All eyes are on Interior CS Fred Matiang’i to see whether he will gazette next Wednesday, October 10 as a public holiday.
This follows a decision by the High Court in November last year to restore this day, formerly referred to as Moi Day, as a public holiday.
In his ruling, Justice George Odunga declared that scrapping of Moi Day as a holiday was against the law.
He said: “I hereby grant a declaration that the omission to have the 10th day of October observed as a public holiday as an illegality and in contravention of Section 2(1) as read with part 1 of the schedule to the Public Holidays Act.”
However, as if putting a disclaimer to his decision, the judge said that it is not up to the court to prescribe the manner in which the day is to be celebrated.
The judge said that the Parliament needs to amend the law if not the October 10 continues to be a public holiday.
“Unless Parliament amends Schedule 1 of the Public Holidays Act or the minister substitutes the same for another date, October 10 in each year shall continue being a public holiday, ” he said.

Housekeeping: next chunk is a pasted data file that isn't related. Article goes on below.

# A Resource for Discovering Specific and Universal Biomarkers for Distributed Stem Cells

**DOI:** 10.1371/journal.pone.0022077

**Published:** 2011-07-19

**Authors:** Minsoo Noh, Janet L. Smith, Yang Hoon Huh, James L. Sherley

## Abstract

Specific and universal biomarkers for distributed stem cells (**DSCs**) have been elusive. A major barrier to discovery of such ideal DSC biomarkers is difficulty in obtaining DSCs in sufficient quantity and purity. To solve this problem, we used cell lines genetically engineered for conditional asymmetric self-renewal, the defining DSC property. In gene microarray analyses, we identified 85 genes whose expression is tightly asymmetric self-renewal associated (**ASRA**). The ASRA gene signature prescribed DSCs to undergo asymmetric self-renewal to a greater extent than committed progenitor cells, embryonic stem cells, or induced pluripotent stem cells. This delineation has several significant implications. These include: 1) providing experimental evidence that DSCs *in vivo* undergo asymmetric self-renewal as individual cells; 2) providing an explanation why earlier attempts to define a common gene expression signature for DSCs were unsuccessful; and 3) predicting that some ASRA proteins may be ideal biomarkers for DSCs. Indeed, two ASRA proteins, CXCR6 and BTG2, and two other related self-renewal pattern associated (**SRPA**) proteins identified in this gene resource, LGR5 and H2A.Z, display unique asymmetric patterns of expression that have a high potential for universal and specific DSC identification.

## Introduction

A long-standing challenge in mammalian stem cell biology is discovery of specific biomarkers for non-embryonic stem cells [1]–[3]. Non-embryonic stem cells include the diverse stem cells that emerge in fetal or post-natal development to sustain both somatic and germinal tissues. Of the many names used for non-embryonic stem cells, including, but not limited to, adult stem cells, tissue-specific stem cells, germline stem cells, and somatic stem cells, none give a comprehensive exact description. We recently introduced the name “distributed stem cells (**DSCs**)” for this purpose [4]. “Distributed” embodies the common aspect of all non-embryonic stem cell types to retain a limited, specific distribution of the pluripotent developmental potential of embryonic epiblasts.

He also said that regardless of his orders, the fact that Moi day has not been observed since after 2010, that should not be considered as unlawful.
The ruling was not challenged at the Court of Appeal.
NORMAL WORKING DAY
This ruling puts to bed the confusion that has surrounded the status of this day for the better part of the last decade.
During former President Daniel Moi’s rule, Moi Day was a designated holiday but then after Mwai Kibaki and later Uhuru Kenyatta ascended to the throne, it has been considered a normal working day.
On Monday, Kiambu Principal magistrate Justus Kituku enhanced Maribe’s detention days to 11 after lawyers pointed out to him that Moi Day was declared a holiday by High Court last year.
Nairobi News has reached out to the Interior ministry for a comment.